Drying rooms are an integral part of cannabis production. Post-harvest flowers still contain approximately 80% water. This water needs to be removed before the dry buds can be sold or provided to patients.
Drying Rooms Need Humidity Control
Dry rooms are built to remove the excess humidity in plants, after harvest. Though the buds are no longer growing, they’re still alive and continue to evaporate massive amounts of water.
If gone unchecked, the buds’ evaporation will quickly raise relative humidity to 100%. Under these conditions the plants won’t be able to continue drying. This reduces the quality of the product, which in many cases won’t uphold regulations.
Untreated humidity can also result in mold development. Bud rot can break out post-harvest and even after packaging. Of course, moldy cannabis is illegal to provide to patients or sell for recreational purposes. Oils, edibles and topicals manufacturers can’t use infected cannabis either, turning the harvest useless.
One of the greatest challenges facing drying rooms is the need to remove large amounts of water quickly, especially when harvesting an entire grow cycle in a short period of time. When large amounts of produce enter the drying room at once, there’s a massive spike in humidity. This is the most dangerous period for the flowers.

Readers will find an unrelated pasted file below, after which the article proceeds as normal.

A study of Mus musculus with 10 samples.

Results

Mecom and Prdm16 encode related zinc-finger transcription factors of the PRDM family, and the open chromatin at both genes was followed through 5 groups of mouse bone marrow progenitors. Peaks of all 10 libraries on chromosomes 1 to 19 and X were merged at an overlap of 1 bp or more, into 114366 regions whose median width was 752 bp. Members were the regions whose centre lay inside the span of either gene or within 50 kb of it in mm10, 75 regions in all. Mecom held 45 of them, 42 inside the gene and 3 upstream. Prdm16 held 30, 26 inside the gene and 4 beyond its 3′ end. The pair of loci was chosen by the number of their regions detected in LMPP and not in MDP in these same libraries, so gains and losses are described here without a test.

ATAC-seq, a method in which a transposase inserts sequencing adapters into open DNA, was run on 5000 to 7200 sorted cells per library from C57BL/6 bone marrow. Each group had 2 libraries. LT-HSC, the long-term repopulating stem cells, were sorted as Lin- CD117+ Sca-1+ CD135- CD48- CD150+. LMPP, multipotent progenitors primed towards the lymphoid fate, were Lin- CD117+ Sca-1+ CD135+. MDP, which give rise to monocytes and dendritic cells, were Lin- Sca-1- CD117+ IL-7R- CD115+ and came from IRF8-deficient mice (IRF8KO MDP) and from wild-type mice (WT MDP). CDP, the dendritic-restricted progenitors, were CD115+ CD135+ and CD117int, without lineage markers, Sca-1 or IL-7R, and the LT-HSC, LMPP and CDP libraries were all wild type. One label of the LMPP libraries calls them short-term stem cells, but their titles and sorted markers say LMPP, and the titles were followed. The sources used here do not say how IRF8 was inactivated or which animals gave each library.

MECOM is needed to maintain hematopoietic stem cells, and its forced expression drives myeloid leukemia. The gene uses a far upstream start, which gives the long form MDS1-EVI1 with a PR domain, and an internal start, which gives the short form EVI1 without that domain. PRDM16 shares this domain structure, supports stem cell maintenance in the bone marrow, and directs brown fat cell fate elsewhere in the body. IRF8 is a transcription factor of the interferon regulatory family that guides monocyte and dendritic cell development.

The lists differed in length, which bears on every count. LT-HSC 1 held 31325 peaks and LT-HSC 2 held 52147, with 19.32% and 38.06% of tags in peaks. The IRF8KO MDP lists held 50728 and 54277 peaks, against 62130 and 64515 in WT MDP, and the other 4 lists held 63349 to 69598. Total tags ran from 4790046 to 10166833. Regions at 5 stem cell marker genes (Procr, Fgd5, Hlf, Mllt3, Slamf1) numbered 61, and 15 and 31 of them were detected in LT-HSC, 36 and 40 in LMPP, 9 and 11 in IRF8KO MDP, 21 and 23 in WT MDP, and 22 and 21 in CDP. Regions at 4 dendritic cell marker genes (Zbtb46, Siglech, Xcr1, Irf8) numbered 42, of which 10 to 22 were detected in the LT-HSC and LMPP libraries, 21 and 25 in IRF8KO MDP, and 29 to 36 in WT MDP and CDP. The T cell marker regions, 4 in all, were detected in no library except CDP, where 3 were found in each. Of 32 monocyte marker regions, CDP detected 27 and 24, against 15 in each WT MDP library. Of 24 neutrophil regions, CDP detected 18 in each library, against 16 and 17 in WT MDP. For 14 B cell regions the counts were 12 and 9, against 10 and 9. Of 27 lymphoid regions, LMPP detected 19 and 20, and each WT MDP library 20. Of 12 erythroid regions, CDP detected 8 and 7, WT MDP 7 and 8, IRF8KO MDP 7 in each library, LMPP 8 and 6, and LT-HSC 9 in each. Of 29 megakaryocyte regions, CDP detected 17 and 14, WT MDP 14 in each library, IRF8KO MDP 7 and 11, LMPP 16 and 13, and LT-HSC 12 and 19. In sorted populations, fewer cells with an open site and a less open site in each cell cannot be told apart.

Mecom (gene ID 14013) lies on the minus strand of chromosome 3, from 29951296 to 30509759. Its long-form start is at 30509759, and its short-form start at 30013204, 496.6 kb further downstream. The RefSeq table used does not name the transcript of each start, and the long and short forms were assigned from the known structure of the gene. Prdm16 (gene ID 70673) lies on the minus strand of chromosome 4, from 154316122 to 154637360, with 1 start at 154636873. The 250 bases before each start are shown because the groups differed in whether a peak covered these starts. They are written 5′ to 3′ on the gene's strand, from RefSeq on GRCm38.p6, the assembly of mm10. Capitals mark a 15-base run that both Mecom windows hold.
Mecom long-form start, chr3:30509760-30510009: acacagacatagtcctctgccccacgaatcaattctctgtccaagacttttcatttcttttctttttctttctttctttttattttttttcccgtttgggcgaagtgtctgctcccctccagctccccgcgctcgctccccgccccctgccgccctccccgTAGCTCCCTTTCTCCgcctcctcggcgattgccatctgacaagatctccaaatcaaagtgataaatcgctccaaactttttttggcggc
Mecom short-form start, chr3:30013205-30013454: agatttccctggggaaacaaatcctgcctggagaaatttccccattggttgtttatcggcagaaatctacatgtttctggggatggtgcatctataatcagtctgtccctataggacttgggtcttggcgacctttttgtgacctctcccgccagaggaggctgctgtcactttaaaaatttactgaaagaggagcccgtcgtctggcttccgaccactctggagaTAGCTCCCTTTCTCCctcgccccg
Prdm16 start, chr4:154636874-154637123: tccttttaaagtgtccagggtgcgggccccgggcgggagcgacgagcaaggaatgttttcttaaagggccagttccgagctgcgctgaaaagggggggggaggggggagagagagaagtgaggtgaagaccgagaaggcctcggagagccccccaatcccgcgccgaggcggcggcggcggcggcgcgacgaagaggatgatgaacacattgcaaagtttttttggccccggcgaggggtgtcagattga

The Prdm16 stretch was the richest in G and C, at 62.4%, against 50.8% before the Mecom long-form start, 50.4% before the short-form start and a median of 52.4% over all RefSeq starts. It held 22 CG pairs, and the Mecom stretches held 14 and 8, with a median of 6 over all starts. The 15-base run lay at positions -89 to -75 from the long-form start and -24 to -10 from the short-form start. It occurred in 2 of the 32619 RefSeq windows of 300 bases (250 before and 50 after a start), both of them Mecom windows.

Dehumidifier for Drying Rooms
Growers often turn to heating systems or HVAC in an attempt to deal with the humidity buildup, but the only efficient method to reduce humidity at a sufficient pace is with dehumidification.
While heating does reduce relative humidity, it’s very problematic in drying rooms, which require a cool environment to preserve terpenes and maintain the highest bud quality.
Cooling with an HVAC is another method growers use to reduce humidity. But HVACs don’t excel at humidity extraction. Though they’re able to remove some water vapor, as a side-effect of the cooling process, they’re inefficient at the task. Using HVAC for humidity reduction results in higher energy consumption and lower water extraction rates than dehumidifiers.
Drying rooms are unlike other environments and they face their own unique challenges. Not all dehumidifiers are capable of dealing with these challenges.
Most commercial dehumidifiers are designed to operate at higher temperatures. In common drying rooms temperatures these dehumidifiers won’t be able to remove sufficient amounts of water, resulting in persistent high humidity, molds and crop loss.
To achieve optimal results, growers should to use a dedicated horticultural dehumidifier, designed for the task of controlling humidity in drying rooms.
Optimal Dry Room Conditions for Cannabis
The optimal conditions for cannabis drying rooms are:
- 15-20oC (60-68oF)
- 50-60% relative humidity
- No direct light
- Air circulation to maintain uniform conditions
Maintaining these conditions ensures mold-free, homogenous, dry cannabis. Under these conditions, it should take approximately one week for buds to dry sufficiently for packaging.